Safest car?

the issue really is not how many parts you'll buy after 200,000 miles...it's how many parts you'll buy from the end of the warranty at about 50,000 miles to something less than 150,000 miles. And my 7 Mercedes cars along the way cost me BIG BUCKS during that interval.
Also, it's not always a function of miles. It's really a combination of miles and age.
Beast E14 4NS Docklands
Furthermore, Honda doesn't bother with "Acura" in the UK.
DAS --
IIRC these brands were specifically introduced in the west a couple of decades ago or so precisely to persuade us that we were getting real equivalent alternatives to Merc et al. Hence hiding of Mother's name and separate dealerships, at least in Europe. Of course you could hide the Toyota name from the Lexus only for so long.
What about Honda's policy? According to the website, in the US the NSX is labelled Acura, where here in Europe is a Honda NSX. The Acura brand doesn't exist.
Frank
Frank


It was the OLDER generation E-class. This is important, as the newer ones are not nearly as reliable. The older E-class thanks - they were nearly indestructable.
> I don't think GM has ever been known for quality or reliable

One or two examples. Still, those specific vehicles are very good to own.

No, that was a 280S from the S-Class W140 model.
And YES, I AM sure!
Juergen
http://www.hwysafety.org/default.htm
They are produced by the insurance industry based on what they actually pay out, not artificial testing methods. The primary problem with most artificial tests is that they ignore weight issues. Sure, in the fine print they say you can only compare vehicals of similar weight but putting 4 stars on minicars with sickening real world death rates (I'm talking about you EU and Japan) seems criminal to me. People without alot of money should know the truth, that statistically they would be much safer buying a quality used car than a cheap new car. Cars with better insurance profiles are also much cheaper to insure which can actually save money over the course of owning it compared to buying a cheap death trap with high insurance.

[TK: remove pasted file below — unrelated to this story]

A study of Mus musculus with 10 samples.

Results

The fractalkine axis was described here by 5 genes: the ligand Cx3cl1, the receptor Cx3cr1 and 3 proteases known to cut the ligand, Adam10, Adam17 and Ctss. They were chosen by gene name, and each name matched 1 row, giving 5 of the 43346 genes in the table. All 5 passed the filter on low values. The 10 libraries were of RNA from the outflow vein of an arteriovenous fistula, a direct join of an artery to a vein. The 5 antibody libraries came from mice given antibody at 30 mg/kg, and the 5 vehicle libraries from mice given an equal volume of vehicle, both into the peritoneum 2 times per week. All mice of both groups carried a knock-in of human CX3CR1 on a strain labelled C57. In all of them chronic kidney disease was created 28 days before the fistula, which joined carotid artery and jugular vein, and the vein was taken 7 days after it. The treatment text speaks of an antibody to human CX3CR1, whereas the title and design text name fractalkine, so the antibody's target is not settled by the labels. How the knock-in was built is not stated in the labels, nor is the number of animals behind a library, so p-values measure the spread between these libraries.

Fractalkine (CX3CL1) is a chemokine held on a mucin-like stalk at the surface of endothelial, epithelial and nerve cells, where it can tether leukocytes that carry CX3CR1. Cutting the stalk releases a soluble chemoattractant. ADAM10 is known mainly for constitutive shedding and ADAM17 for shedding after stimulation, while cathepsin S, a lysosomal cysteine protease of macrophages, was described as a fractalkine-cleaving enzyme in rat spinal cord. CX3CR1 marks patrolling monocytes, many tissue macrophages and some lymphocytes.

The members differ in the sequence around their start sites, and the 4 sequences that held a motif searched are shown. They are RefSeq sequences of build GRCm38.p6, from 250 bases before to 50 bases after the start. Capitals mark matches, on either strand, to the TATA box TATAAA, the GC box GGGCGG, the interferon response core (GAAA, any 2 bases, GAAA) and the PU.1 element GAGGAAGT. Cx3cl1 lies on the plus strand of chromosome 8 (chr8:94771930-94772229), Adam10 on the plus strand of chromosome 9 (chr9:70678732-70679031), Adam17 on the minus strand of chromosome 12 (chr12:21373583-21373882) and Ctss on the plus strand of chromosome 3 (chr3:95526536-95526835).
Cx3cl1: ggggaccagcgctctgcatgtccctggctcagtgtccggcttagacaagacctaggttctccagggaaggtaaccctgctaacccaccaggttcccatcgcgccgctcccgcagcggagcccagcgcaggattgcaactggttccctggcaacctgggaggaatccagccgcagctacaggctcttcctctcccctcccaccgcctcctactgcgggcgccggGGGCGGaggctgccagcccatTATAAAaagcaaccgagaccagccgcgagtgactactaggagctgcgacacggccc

As for reliability, most major car manufactures have both good and bad models. For example, GM makes both the LeSabre, which actually rates better than an average Toyota (JD Power 2003 3 year study) in reliability and the Hummer H2, which rated dead last in quality of all consumer vehicals sold in the US last year. Any *real* car guy will tell you the same. For example, the classic 300E was solid in pretty much every way, but the C280 is infamous for costing more to fix than to buy. BMW 5 solid, Z3 junk. Lexus LS400 solid, RX300 not. I know many people and Consumers Reports disagree with this, but the numbers back it up. Another thing to consider is the same model can be made in different countries. For example, the VWs made in Germany and sold in Europe are much more reliable than the same cars made in Mexico and sold in the US. Similar story with the Camrys made in Japan vs the early ones made in the US. Also consider where you will drive with the car and what parts and service cost there. An E320 is great to drive around San Diago or Germany, but would be no fun if you needed service in say, North Dakota. I have a friend that's been waiting weeks to get parts for his 500SL in Vegas when he can still get parts for his classic Mustang at almost any autoparts store.